Texas Supreme Court decides two election issues


The Texas Supreme Court has OK’d Gov. Greg Abbott’s extension of early voting for the Nov. 3 election and denied Harris County’s plan to send mail ballot applications to all of the county’s 2.4 million registered voters.

Abbott moved the start of early voting to Oct. 13, about a week earlier than usual, in hopes of reducing crowds and giving voters more time to cast ballots early during the pandemic. He was sued by 29 members of his own party who bypassed the lower courts and went straight to the state’s high court with their complaints about the governor making such a decision without first consulting with the Texas Legislature. 

As they have done for previous election-related cases, the justices opined, with Justice John Devine dissenting, that it is too late to make changes.

“The Supreme Court HOLDS relators’ delay precludes the consideration their claims require,” the opinion reads. “The election is already underway. To disrupt the long-planned election procedures as relators would have the court do would threaten voter confusion.” 

In the Harris County case, the Supreme Court found that Harris County Clerk Chris’ Hollins plan would violate state election code.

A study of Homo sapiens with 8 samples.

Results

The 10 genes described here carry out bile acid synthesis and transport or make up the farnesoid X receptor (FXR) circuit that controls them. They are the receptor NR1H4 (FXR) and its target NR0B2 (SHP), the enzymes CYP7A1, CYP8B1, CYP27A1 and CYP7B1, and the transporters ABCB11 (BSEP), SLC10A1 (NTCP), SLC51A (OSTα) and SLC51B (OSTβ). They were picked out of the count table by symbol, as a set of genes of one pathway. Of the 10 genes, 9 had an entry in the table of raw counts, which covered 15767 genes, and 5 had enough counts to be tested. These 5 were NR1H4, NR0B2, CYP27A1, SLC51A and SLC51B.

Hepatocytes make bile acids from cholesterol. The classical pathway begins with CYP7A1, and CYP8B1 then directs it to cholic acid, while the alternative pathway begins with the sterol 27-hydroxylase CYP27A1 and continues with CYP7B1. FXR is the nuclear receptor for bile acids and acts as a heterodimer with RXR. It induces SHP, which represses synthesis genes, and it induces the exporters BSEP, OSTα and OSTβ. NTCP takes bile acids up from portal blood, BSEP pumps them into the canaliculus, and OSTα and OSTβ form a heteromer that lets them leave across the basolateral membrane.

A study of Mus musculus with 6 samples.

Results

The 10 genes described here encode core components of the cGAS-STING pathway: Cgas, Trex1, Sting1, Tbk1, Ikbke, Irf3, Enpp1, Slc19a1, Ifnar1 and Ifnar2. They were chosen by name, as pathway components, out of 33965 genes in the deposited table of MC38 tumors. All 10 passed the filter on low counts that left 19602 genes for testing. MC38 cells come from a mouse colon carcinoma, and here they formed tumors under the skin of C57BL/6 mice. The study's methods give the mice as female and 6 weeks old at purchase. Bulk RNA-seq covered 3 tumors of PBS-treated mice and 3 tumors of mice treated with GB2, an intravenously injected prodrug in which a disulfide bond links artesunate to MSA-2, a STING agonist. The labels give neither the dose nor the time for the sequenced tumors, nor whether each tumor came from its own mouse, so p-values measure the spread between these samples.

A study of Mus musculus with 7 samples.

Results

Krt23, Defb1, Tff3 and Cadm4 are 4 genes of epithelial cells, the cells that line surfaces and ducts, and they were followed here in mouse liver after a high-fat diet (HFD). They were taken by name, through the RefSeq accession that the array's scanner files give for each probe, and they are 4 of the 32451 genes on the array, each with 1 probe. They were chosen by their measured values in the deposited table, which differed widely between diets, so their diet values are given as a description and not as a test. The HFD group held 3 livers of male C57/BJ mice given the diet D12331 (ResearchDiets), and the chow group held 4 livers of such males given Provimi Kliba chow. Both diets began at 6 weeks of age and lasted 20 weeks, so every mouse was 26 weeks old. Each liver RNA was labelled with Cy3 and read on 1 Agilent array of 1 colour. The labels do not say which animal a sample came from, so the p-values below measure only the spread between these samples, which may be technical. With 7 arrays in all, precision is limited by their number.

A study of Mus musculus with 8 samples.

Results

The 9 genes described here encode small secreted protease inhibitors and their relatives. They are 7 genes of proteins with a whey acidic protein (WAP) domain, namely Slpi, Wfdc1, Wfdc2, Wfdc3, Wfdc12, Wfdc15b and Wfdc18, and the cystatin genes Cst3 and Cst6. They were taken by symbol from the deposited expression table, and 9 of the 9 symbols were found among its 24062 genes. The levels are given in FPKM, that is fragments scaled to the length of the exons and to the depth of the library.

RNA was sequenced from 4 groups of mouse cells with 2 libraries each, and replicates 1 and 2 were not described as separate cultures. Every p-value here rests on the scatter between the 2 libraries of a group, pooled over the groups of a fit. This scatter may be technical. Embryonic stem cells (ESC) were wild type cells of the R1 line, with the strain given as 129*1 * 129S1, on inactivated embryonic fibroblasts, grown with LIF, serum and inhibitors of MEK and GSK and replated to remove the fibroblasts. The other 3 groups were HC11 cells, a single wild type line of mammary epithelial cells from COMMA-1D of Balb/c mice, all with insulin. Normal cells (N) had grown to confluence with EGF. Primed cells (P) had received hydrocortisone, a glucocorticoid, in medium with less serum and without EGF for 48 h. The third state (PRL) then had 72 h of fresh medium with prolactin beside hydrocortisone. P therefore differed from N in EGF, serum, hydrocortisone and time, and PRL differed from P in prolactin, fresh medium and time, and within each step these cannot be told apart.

“Because no other election official in Texas is doing or has ever done what the clerk proposes, his plan threatens to undermine the statutorily required uniform operation of election laws across the state,” the justices wrote. 

Hollins has already mailed applications to all voters 65 or older. He wanted to do the same for all other registered voters in the county regardless of whether they are eligible to vote by mail.

In Texas, voting by mail is restricted to those 65 or older, disabled people and anyone who will be out of their home county during early voting and on Election Day. In a partial nod to the pandemic, the state’s high court previously ruled that it is up to each individual to decide whether they meet the definitions and are unable to vote in person. No election official has the authority to question the reason someone requests a mail ballot.